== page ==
The Meaning of Passover

Passover is understood as the commemoration of the Israelites being led out of Egypt by Moses, after having been slaves under the pharaoh’s rule for hundreds of years. The kabbalists explain that in truth, the story of the Israelites in Egypt is the story of each one of us.

Egypt represents our negative ego, as the kabbalists call it, the desire to receive for the self alone, that part of us that pushes us to care only about ourselves and to disregard others. The redemption from Egypt, then, is the process of transformation that each one of us is meant to go through throughout our lives so that we can achieve the blessings and fulfillment for which we are destined. We are meant to diminish the power of “Egypt” and selfishness in ourselves and become a person more concerned with others, sharing more, caring more, and through this, awaken a great Light and blessings for ourselves.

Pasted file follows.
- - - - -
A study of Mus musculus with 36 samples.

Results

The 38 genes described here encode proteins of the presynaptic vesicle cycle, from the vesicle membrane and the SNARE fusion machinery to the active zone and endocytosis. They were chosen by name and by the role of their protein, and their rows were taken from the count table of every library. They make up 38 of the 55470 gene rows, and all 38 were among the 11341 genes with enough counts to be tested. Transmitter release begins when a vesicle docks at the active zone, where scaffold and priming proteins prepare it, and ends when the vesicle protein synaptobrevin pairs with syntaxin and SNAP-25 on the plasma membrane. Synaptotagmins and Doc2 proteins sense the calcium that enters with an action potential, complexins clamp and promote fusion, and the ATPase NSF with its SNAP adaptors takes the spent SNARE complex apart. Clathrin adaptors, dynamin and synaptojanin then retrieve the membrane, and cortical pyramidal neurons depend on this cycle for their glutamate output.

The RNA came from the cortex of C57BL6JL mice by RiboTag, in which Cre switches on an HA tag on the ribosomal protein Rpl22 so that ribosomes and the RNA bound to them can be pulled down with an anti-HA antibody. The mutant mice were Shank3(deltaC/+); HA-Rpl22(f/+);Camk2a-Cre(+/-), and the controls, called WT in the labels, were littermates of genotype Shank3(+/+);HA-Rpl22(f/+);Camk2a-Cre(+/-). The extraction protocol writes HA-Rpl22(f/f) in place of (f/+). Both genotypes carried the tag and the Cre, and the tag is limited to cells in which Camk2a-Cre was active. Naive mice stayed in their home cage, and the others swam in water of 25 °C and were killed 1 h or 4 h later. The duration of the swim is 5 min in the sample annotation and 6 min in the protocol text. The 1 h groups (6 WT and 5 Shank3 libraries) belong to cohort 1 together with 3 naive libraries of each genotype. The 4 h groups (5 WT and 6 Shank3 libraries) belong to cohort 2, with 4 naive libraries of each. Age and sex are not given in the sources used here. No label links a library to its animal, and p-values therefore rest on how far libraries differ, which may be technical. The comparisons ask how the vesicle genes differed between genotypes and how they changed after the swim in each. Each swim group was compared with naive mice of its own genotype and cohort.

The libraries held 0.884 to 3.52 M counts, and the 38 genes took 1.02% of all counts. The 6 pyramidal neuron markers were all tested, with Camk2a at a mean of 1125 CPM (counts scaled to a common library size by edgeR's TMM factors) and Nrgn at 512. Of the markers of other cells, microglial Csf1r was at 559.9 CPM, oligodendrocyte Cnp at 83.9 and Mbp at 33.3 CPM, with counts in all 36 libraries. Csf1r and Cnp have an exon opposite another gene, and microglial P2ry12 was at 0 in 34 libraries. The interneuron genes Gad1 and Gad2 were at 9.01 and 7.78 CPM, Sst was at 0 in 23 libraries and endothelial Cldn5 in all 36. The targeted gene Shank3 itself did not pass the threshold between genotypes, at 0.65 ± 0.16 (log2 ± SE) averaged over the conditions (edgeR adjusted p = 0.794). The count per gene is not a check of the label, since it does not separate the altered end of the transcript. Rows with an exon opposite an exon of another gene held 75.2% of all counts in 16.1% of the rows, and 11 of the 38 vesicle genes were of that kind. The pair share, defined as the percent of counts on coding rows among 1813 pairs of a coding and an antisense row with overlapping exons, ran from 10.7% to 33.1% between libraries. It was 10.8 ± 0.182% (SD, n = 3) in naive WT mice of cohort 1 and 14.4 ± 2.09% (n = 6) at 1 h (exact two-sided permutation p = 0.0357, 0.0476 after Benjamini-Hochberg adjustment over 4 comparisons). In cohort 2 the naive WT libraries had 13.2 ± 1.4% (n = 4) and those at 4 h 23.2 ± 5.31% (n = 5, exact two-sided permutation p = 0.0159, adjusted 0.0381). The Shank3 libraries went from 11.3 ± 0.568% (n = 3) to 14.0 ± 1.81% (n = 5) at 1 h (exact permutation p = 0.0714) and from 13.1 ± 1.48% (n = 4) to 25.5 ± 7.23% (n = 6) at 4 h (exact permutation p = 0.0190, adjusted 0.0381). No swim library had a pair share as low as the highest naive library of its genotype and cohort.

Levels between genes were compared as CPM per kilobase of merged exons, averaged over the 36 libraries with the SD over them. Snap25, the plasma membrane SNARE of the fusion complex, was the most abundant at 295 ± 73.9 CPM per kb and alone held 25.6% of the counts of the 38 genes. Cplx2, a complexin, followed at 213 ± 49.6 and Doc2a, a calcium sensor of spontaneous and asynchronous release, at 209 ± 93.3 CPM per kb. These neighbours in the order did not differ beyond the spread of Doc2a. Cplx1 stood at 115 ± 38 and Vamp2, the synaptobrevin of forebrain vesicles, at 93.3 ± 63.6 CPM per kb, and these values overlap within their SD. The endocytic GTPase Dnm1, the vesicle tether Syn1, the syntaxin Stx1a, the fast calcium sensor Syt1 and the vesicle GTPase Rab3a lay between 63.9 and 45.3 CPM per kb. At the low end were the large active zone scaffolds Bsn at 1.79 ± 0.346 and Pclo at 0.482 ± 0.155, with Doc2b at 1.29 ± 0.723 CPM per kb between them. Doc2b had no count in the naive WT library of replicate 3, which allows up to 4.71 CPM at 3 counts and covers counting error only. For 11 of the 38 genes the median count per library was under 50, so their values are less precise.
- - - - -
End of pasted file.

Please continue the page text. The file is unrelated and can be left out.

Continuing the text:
From this we can understand the concept of eating kosher for Passover. During these days we refrain from eating leavened bread, that is, bread that has risen. Leavened bread represents our ego, our need to be known, to rise, to overtake others, all the negative aspects of ego and selfishness. This time of year, then, is an important time of reflection: What is my “leavened bread?” What is it about myself that I want to refrain from, that I want to remove from my life? Through this reflection we become better, stronger, and more connected to the supernal Light, receiving the blessings and fulfillment for which we are destined.

—Michael Berg is a Kabbalah scholar and author. He is co-Director of The Kabbalah Centre. You can follow Michael on Twitter. His latest book is What God Meant.